By Wendy Perron


With the driving Philip Glass music still ringing in my head, I am going to take a stab at why Tharp’s ballet has endured for 25 years. It came out of an era when the belief in “pure movement” was still strong. Many of us at the time embraced Merce Cunningham’s idea that dance could just be itself and not have to serve a story—that dancing itself was the main thing. Twyla took that idea and made it sing.

In the Upper Room
is about flow. It’s about going with the exhilarating Glass rhythms and not holding back. Within that flow are both fun and spirituality, sneakers and pointe shoes, strong women and game men.

Embedded in the choreography are nuggets of Twyla’s past work up until that point. The chopping motion with straight, parallel forearms, done by the two main women and the third who sometimes joins them (played on Tuesday night by Gillian Murphy and Kristi Boone, with Misty Copeland joining them) is like the first move of her Fugue (1970). The wobbly head in that same phrase reminds me of Sara Rudner, who did so much to develop Tharp’s work the first 20 years. (Some of these details are glossed over by the ABT dancers, but they catch the spirit of it.) The pristine ballerina role (danced by Paloma Herrera) is like the Erica Goodman role in the original Deuce Coupe in 1973. And the simple device of having dancers enter from upstage and come downstage again and again—that’s from The One Hundreds (1970). But with Upper Room, the fog covers up the actual upstage curtain so it seems they are coming out of nowhere. What was a straightforward path in The One Hundreds (which was a series of unbelievably inventive movement in unison) turns into a mysterious circular world in Upper Room.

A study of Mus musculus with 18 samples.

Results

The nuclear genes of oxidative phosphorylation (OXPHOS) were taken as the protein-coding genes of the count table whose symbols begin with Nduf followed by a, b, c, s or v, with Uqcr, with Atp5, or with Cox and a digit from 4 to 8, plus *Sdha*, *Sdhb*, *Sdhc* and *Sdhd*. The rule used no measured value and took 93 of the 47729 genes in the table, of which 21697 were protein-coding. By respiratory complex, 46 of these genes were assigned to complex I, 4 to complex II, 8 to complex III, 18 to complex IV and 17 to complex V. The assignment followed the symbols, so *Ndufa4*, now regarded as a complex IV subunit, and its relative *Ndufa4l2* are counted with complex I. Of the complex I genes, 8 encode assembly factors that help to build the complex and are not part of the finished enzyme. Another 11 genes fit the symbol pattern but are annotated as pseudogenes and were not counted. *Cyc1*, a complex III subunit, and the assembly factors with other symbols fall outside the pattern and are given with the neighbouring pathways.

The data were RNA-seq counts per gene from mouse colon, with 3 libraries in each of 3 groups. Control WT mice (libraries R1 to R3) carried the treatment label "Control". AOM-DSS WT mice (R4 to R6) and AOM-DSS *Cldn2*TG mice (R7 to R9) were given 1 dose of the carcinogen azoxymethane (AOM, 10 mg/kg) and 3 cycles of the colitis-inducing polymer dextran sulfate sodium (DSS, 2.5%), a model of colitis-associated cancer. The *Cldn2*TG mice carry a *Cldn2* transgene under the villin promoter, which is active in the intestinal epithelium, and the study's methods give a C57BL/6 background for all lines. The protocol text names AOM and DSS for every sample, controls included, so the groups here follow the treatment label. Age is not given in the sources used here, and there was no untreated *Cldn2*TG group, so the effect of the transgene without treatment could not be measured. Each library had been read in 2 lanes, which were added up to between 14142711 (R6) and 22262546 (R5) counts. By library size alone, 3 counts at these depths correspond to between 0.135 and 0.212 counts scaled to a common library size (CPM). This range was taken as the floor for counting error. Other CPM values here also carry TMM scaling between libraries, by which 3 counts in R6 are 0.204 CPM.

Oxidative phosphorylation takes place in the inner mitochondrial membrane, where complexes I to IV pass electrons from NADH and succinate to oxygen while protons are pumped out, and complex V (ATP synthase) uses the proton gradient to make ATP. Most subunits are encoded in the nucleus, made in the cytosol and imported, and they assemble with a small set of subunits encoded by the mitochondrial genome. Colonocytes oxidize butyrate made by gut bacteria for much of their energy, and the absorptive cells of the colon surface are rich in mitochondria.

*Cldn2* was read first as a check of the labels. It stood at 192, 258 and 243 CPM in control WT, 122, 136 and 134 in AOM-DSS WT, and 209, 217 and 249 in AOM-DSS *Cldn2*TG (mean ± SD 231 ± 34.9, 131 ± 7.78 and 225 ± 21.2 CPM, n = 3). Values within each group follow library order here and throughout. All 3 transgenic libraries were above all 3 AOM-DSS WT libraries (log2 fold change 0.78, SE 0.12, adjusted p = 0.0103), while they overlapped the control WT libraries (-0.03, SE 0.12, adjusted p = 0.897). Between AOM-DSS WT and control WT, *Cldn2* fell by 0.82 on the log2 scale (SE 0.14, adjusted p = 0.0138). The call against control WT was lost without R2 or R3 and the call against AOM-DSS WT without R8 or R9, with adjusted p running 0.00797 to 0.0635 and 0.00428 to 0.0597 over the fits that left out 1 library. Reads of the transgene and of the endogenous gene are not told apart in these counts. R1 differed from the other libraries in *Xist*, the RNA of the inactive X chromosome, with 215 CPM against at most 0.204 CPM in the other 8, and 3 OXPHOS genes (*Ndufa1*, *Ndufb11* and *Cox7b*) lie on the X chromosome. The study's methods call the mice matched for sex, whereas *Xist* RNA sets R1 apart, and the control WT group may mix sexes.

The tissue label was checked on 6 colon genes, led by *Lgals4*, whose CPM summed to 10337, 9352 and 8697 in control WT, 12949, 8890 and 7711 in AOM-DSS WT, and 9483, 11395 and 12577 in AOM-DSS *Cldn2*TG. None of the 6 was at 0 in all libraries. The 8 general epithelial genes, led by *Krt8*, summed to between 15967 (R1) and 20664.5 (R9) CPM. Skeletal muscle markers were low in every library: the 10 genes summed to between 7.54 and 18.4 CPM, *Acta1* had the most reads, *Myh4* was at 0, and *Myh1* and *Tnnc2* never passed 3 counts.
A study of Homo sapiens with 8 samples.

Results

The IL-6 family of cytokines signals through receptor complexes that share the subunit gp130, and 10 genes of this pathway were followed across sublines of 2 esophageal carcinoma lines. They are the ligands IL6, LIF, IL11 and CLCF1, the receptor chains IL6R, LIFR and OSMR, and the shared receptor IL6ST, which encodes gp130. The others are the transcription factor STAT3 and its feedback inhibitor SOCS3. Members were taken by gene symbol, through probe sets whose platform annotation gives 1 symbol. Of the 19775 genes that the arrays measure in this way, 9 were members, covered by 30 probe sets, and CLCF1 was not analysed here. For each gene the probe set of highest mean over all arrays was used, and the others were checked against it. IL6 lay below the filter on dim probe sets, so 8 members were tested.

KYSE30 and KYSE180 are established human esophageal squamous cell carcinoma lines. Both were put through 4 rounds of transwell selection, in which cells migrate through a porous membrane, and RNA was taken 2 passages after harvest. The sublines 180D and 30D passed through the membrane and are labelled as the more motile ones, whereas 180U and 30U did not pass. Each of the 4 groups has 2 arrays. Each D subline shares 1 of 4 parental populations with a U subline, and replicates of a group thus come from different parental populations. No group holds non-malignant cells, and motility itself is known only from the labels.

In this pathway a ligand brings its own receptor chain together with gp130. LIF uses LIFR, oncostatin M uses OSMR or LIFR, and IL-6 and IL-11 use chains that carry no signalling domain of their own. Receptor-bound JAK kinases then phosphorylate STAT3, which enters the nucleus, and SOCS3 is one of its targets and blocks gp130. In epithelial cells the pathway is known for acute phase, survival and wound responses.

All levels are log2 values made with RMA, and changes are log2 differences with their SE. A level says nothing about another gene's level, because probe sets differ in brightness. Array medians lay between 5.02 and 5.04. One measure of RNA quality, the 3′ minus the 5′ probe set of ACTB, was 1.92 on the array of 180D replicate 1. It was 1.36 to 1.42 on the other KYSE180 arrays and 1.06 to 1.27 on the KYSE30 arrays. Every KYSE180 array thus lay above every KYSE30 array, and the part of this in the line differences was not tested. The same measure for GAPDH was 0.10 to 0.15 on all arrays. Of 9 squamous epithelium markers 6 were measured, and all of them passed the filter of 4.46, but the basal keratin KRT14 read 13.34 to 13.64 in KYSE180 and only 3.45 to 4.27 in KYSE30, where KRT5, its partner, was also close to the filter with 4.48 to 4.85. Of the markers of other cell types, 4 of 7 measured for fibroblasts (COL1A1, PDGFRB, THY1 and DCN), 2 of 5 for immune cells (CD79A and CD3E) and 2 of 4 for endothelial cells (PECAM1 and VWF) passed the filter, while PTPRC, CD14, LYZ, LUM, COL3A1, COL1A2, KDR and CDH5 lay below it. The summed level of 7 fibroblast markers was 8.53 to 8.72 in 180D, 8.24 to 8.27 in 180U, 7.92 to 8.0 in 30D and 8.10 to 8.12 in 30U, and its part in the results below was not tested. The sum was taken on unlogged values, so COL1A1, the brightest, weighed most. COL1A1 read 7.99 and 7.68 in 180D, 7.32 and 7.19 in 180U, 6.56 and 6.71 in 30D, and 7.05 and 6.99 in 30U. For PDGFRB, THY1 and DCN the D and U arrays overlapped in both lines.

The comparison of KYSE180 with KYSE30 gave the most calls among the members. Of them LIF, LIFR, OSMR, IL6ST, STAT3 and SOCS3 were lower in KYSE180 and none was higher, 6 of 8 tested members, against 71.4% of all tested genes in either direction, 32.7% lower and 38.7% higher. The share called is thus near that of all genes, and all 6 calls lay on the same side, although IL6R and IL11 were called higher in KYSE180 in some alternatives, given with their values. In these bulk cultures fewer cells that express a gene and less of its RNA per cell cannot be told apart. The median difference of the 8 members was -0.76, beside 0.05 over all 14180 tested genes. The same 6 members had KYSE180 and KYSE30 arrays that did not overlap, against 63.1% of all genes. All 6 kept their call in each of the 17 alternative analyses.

Seeing this ballet from 1986 makes me nostalgic for a time when women were strong and independent in Tharp’s work. The two main women, like bookends, start and end the piece. A cornucopia of beautiful movement and funny or stirring moments unfolds from their strength and athleticism. Yes, the Paloma figure gets lifted a lot. But the Gillian and Kristi roles hold down the fort.

The way Tharp puts classical lyricism next to lunges and shimmies reflects a belief that all styles fit together in one cosmic flow. Each section overlaps the next—or at least that's the illusion. You feel carried on the current, rather than taking a moment to digest each section. And it all escalates at the end when everything gets reprised all at once. It’s positively polymorphous! And when you have someone like Sascha Radetsky tearing through the movement, it gets wildly exciting. (Not long ago Ethan Stiefel used to do that.) It’s OK if it gets a bit messy—it’s even better.

So why has In the Upper Room lasted for 25 years? It's about pleasure and daring, about music and dance. It’s a great ballet and a great accomplishment. If you can get to City Center to see it this weekend, go.

 

 

David Hallberg and Paloma Herrera in In the Upper Room. Photo by Gene Schiavone, Courtesy ABT.